Windows Vista RC2: Near-final OS more refined, but it's not perfect

Microsoft continues to tweak its upcoming operating system


No previous 32-bit desktop version of Windows has shown the stability offered by Vista. I'm not basing that statement on comparative testing, which is impossible at this point. Months of real-world use and tracking reliable uptime will first be required. But the Vista code base, which took life from Windows Server 2003, is absolutely solid when properly installed. XP offered a significant stability improvement over the 9x-derived versions of Windows. Since Vista Beta 2, I've noticed an additional improvement over XP.

Boot times and the speed with which dialogs, menus, program windows and folders open under Vista are also better than XP -- as long as you have modern hardware with Vista-class video.

In all previous versions of Windows Vista, I had at least some sort of problem with the Media Center features. In RC2, finally, everything just works the way it's supposed to. There's no need to update the video driver to a beta Vista driver from ATI Technologies Inc. In fact, there were no glitches at all. I prefer the latest Media Center changes to what came with the XP iteration, although overall, the differences seem pretty minor.

In the three RC1-era builds I examined, a problem cropped up with Vista's new Sleep mode that caused my Dell Inspiron E1505 dual-core laptop to crash Vista. It would go to sleep and just never wake up, requiring a hard power down. Readers had also reported this problem relating to various laptop hardware and with earlier builds of Vista. I'm happy to report that the problem is cleared up in RC2.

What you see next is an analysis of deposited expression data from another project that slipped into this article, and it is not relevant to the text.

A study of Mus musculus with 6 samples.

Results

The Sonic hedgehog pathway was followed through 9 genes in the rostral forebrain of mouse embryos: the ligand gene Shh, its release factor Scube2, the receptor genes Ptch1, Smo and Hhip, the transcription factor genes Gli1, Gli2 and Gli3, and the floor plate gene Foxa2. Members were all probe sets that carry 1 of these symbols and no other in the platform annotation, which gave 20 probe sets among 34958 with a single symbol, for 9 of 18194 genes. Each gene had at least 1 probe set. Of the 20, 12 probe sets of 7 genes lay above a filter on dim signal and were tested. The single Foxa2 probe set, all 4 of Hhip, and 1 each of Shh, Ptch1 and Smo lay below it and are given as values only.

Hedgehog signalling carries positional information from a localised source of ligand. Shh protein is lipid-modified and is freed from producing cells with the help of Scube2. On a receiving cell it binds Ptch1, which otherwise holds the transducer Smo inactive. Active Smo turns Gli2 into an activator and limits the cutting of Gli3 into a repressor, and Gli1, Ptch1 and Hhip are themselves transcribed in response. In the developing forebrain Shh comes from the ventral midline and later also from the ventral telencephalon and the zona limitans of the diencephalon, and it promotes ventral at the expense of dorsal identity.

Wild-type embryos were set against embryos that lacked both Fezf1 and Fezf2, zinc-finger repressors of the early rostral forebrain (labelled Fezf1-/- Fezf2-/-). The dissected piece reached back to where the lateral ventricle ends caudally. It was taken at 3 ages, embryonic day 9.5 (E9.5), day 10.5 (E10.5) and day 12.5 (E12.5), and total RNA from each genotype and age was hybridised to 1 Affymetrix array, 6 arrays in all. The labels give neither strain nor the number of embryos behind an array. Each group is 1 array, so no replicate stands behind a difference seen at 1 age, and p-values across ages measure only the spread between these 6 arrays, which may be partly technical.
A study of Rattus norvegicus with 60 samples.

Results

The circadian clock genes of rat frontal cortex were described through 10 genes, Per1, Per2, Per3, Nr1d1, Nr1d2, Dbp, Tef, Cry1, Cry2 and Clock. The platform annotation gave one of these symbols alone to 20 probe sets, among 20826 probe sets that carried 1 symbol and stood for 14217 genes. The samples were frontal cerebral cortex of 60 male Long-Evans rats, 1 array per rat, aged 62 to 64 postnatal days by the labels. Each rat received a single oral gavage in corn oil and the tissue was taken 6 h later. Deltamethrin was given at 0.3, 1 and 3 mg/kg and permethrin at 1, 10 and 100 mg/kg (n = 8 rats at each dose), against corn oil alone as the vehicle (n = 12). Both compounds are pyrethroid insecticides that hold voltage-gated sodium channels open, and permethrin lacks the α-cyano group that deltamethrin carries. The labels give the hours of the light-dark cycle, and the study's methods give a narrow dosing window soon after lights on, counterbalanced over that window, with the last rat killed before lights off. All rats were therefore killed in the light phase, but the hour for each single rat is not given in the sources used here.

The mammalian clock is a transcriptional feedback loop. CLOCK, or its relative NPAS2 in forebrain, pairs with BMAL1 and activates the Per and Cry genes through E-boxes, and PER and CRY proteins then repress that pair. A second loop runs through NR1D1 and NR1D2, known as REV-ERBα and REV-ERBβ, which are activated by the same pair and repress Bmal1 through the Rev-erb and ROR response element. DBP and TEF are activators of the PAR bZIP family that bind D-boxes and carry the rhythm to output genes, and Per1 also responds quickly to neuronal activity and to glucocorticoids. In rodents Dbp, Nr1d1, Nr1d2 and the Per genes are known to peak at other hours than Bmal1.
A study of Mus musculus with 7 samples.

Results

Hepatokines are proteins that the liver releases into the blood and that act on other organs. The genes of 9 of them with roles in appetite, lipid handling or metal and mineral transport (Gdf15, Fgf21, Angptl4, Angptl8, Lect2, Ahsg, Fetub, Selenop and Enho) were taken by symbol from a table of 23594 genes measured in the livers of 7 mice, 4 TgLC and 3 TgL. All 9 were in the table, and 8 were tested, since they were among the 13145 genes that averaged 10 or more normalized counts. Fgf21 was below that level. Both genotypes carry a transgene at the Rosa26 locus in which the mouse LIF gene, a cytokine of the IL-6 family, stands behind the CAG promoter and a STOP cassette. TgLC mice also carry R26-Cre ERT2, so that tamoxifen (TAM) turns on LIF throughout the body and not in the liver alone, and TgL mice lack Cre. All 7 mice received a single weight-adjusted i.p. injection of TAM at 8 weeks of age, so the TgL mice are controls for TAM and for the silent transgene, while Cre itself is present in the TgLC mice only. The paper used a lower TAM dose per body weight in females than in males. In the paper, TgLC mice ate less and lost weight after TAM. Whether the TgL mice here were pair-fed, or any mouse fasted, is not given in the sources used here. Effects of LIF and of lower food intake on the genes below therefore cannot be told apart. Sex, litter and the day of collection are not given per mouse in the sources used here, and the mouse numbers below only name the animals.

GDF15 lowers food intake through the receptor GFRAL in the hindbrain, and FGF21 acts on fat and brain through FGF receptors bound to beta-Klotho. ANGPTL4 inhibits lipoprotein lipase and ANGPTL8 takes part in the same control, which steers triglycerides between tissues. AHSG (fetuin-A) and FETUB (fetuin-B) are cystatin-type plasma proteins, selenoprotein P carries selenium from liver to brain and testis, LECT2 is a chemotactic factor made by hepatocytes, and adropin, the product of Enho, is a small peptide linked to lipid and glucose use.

Imperfect user experience

The User Account Control (UAC) security feature, which seeks your confirmation before it will allow various programs to run or dialog boxes to open, still rankles. Here's a list of just a few of the processes that require you to confirm your intention to make something happen:

Opening Disk Defragmenter, System Restore, Task Scheduler or Windows Easy Transfer; connecting to a Network Projector (twice); and these control panels: Add Hardware, BitLocker, Device Manager, iSCSI Initiator, Parental Controls, Advanced System Settings, System Protection and Remote Settings. While the control panel settings seem reasonable, some of the others do not. Also, why do the control panel's Windows SideShow and Tablet PC Settings show up on computers that don't have that hardware on them?

Finally, although file permissions problems related to UAC have been tweaked in RC2, people who install Vista in a dual-boot arrangement are going to find that some folders they created on their XP drives may not be accessible from Vista without complex security-permissions changes.